Fantasy Audio to Picture


My immediate impressions when watching the video was that the narrative is in two distinct sections. The first is scene setting, showing an empty and derelict village on a mountain. The next section turns the depiction of the central figure into a monster, surviving a stab wound and showing magical ability.

To reflect on this, my two main influences for the ‘scene setting’ were: No Country for Old Men and The Witcher III Both of these examples have a high emphasis on environment and foley.



I wanted the essence of the environment, so I took a long time making a convincing and reactive ambience pass for the first half of the video. This was immediately challenging as the very first shot is a transition from inside a barn to outside. Automating EQ of several ambiences, this acted as both a transition between environments and a more dynamic fade into the video.

I then wanted to convey the height of the shot with a heavy wind gust, as the camera pulls out to reveal the view.

The next shot showed the bridge and to add the dilapidated feel of the village, I included some creaking in the atmos tracks, helping it to feel rickety.

The following shot, which I label ‘the pit’, I decided to make the audio break from the heavy ambience focus we’ve had so far. This is because I wanted to use the shot as a narrative device to forbode the coming significance of the pit.

I used my first ‘cinematic sound effect’ with a low bouncing hum and a slight metallic groan towards the end, to allude to the upcoming events.

So far, there has been a heavy emphasis on foley to isolate the character in the environment, highlighting the silence around him.

I decided to use a mixture of grass and stone footprints, as well as heavy wooden steps on the bridge and pit shots, showing a variety of terrain. The other half of the foley was the cloth for the main character. I performed this live by twisting two leather jackets inside each other and a recording of a bag with metal fastenings. This was to add the jingles on the attachments he wears. These were divided into groups and then in a master ‘foley’ group in my DAW. I then attenuated the groups volume and master to imply movement in the scene.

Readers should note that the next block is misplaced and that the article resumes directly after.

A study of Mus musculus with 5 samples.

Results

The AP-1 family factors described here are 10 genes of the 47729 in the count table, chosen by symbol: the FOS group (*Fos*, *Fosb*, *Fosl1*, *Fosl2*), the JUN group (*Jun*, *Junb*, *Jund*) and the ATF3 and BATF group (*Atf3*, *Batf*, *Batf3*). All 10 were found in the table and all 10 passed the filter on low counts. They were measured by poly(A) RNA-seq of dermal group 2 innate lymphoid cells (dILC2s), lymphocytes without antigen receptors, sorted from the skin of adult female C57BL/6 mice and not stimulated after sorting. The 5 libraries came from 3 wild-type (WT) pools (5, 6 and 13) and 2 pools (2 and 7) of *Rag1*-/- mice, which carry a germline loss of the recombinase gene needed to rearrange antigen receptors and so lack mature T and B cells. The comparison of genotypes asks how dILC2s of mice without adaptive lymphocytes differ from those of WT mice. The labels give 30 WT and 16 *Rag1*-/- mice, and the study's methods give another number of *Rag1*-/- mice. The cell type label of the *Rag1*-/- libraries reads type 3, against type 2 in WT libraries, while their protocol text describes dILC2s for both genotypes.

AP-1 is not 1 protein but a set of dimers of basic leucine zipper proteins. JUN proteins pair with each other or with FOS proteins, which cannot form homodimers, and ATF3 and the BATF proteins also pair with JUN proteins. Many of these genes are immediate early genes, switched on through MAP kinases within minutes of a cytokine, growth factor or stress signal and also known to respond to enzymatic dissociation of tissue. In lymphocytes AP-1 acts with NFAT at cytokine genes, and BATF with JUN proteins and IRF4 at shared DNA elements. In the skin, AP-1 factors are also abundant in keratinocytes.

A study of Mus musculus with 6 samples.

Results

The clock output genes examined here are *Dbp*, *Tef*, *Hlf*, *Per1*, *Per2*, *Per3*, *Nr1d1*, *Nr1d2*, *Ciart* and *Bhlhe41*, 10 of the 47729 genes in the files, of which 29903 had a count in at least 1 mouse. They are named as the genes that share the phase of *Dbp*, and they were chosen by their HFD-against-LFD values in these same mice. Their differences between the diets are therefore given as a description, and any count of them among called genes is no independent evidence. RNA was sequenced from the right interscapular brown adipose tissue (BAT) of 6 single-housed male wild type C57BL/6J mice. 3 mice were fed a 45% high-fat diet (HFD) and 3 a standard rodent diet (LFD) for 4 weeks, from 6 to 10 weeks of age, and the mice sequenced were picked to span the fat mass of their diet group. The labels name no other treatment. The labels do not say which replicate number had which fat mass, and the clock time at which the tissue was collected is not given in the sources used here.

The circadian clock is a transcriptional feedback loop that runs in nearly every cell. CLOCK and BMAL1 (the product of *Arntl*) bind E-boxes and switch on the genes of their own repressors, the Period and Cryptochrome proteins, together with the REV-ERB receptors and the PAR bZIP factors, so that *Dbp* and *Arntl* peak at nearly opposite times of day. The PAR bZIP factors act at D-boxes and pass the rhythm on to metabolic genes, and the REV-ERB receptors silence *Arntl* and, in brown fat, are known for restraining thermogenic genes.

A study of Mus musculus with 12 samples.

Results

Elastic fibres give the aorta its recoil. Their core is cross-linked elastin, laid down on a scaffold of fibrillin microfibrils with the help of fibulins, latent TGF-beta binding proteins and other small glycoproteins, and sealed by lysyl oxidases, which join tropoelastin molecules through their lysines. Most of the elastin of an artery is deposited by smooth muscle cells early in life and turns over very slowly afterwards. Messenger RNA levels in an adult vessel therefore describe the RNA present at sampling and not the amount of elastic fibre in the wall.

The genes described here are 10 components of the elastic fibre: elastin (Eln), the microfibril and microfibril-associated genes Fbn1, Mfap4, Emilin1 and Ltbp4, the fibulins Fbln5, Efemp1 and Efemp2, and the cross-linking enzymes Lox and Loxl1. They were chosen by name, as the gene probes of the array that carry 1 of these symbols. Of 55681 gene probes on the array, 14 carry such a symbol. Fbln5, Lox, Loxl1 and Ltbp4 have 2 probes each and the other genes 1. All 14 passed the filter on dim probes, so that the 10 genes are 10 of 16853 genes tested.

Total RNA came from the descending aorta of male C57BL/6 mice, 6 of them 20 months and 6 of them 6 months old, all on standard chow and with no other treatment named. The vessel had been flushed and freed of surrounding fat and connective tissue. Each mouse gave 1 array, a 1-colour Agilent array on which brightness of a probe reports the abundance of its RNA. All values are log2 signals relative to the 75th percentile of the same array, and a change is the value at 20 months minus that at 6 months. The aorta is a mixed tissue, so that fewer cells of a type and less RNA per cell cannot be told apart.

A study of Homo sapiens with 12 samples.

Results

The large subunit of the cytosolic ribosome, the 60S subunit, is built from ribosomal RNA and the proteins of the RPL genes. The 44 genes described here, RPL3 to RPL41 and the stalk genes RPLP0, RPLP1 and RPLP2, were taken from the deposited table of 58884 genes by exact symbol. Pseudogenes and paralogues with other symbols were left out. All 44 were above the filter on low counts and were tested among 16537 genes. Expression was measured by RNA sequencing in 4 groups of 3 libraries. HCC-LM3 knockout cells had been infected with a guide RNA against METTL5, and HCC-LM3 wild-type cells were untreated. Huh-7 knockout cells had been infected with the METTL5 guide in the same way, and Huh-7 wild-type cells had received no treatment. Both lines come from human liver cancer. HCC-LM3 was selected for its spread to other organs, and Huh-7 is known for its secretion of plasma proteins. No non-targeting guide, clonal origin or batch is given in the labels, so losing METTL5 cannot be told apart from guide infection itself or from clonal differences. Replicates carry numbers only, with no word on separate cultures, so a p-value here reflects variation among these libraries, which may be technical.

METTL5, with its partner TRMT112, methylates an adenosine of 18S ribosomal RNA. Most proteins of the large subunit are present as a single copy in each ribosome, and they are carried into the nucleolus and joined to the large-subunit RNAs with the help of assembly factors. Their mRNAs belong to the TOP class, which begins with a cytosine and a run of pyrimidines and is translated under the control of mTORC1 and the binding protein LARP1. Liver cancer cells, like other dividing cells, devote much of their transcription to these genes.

The video now arrives at what I have referred to as the second half. I wanted to emphasise the monstrous nature of the main character. I pulled from horror examples like DARQ, with highly processed cinematic hits to emphasise dramatic moments in the narrative.



My first major example was using a rising tone to follow the warrior’s thrust into the blacksmith. Pulling all cinematic sound design once the impact occurs, this leaves the moment bare to stress the strangeness and drama in the event. I use similar techniques throughout the rest of the video.

One of the most important events in the video and emphasised in the brief was the sword shatter.

This took several drafts, as I originally drew on glass impacts from films like Dredd 3D (19 seconds in):



The issue with techniques like this was that the shot doesn’t cut to the impact, meaning that a dramatic explosion style impact wouldn’t sit well when timed with the visuals. Instead, I used a swoop effect for the hand and put much more emphasis on the sustaining effect drawing from glass samples.

During the mask sequence, I used both metal and flesh impacts from gore libraries to build up the shards. I then effected the warrior vox with a high frequency cut on the E, to muffle it beneath the mask.

I then wanted to convey heat with the steaming effect that follows, and used a recording of a frying pan to create a sizzling effect whilst the foley and vox convey a struggle.

The last moment was a return to the pit where the mask is thrown down into the abyss. This is why I highlighted the pit in the previous sequence, so I could to add dread to the warrior’s fate.

I wanted to make the metal impact ring and picked an anvil hit sound from my library, I then used tremeloes and pitch bends to then develop layers that rose upwards as the mask fell.